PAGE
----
Federal Budget 2023‑24: What it means for super

12 May 2023

Commonwealth Treasurer Jim Chalmers delivered the Labor government’s second Budget on Tuesday 9 May 2023, which included some measures relating to super in Australia.

To help you stay informed, we’ve summarised the proposed super changes here for you. You can also read about the increase to the Superannuation Guarantee (SG) and other standard annual increases coming into effect on 1 July 2023.

What is proposed in the latest Budget and what does it mean for your super?

Proposed changes to tax for superannuation accounts over $3 million

From 1 July 2025, future earnings (including unrealised gains) on the amount of superannuation balances over $3 million may be taxed at an increased rate. 

The Federal Government is developing the details of this proposal, including how this may apply to people who have a Defined Benefit and Public Sector account.

Australian Taxation Office (ATO) given extra funding to address unpaid superannuation

The ATO will be given an additional $40.2 million to identify and pursue employers that fail to pay or underpay super to their employees. This will also mean an increase in fines for those who pay late – or not at all. The prediction from the Federal Government is that this will result in a net of $440 million in recovered super over the next four years.

You can read about unpaid super from your employer on the ATO website.

What's changing in super on 1 July 2023?

Superannuation Guarantee is increasing to 11%

The Superannuation Guarantee (also known as SG or compulsory Employer Contributions) is the minimum super contribution paid into your super by your employer. It’s currently set at 10.5% of your gross super salary and is set to increase progressively until 1 July 2025.

Here are the currently legislated future changes to the SG rate:

Financial year

Superannuation Guarantee Rate







2025-26 and onward


Source: Australian Taxation Office, Super guarantee percentages, April 2023.

SA Government employees will see their employer contributions increase to 11% on 1 July 2023.

Members of the defined benefit schemes will generally see no change to their benefits, as the benefits they receive from these schemes are certified as being above the minimum rate.

Returning to the standard minimum drawdown rates for income payments

The Federal Government sets the minimum income amount that you must withdraw each financial year from an Income Stream account. The government temporarily reduced these rates in 2020 in response to COVID-19’s impact on investment markets. The reduced rates will cease on 30 June 2023; the standard minimum drawdown rates will apply from 1 July 2023.

If you have a Super SA Income Stream account, refer to the table below to see the minimum drawdown rate for the 2023-24 financial year, based on your age.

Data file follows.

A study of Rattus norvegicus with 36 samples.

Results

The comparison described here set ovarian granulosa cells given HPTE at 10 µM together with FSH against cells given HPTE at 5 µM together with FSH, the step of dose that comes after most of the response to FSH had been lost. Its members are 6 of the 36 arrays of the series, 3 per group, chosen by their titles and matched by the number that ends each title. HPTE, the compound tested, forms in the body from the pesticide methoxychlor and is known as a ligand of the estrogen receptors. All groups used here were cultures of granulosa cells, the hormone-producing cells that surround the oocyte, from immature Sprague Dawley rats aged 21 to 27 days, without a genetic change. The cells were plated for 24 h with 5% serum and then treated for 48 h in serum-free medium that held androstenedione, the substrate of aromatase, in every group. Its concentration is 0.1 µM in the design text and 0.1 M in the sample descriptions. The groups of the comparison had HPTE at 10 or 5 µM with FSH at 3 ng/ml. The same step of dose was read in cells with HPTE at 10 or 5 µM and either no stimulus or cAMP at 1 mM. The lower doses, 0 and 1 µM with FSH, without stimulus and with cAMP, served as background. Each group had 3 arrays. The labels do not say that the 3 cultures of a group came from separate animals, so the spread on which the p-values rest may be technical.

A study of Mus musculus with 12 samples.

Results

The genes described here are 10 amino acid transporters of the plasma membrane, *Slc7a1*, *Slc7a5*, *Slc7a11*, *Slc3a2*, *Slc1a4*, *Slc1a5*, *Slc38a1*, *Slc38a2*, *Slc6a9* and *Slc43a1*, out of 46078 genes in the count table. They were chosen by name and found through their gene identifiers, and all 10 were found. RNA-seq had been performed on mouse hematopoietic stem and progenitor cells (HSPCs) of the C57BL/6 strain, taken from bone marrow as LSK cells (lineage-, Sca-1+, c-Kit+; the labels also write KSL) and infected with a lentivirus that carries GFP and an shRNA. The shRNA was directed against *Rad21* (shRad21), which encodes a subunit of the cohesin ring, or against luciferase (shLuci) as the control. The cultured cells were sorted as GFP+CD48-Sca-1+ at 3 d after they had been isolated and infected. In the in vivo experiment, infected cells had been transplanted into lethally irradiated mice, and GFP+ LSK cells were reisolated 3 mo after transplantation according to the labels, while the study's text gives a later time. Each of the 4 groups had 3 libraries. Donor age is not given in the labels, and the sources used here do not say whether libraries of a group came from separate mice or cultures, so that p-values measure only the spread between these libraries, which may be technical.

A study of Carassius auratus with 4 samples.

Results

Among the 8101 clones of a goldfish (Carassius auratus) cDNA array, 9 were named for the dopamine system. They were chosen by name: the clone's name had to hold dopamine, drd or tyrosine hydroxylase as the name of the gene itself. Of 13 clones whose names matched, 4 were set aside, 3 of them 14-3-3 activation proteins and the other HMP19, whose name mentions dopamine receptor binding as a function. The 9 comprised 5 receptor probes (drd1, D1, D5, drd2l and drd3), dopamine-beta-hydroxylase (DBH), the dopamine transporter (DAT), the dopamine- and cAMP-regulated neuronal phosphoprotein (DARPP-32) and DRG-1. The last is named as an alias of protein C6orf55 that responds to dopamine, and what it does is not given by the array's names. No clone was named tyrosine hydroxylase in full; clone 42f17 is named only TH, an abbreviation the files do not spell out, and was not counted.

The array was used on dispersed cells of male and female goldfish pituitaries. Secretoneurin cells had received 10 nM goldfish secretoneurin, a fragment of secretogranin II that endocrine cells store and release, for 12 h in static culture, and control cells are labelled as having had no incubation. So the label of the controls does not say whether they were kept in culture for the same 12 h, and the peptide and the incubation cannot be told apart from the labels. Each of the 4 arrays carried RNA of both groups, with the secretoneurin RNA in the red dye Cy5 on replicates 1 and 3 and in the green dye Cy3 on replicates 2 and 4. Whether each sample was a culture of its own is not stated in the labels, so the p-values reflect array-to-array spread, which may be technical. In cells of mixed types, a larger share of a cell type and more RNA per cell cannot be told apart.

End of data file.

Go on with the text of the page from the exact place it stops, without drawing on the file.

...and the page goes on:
Minimum income rate for 2019-20 to 2022-23 income years

Minimum income rate for 2023-24 & later income years

Under 65


















95 or more



Increases to caps

From 1 July 2023, the following caps will increase in line with indexation.

Low rate cap

This is the amount of taxable components of a lump sum payment that are taxed at a lower or nil rate, for those who are under the age of 60 but have reached their Commonwealth preservation age.
Increases from $230,000 to $235,000

Untaxed plan cap

This is the amount of untaxed benefits that can be paid at the concessional tax rates from untaxed funds (like Triple S and the Lump Sum Scheme).
Increases from $1.65m to $1.705m

Transfer Balance cap

This is the limit set to the total amount of super you can transfer into a tax-free retirement account. Individuals who have opened a retirement account before 30 June 2023 will have a lower personal Transfer Balance cap which can be viewed on ATO online via myGov.
Increases from $1.7m to $1.9m


The superannuation schemes administered by Super SA are exempt public sector superannuation schemes and are not regulated by the Australian Securities and Investments Commission (ASIC) or the Australian Prudential Regulation Authority (APRA). Super SA is not required to hold an Australian Financial Services Licence to provide general advice about a Super SA product. The information in this publication is of a general nature only and has been prepared without taking into account your objectives, financial situation, or needs. Super SA recommends that before making any decisions about its products you consider the appropriateness of this information in the context of your own objectives, financial situation, and needs, read the Product Disclosure Statement (PDS), and seek financial advice from a licensed financial adviser in relation to your financial position and requirements.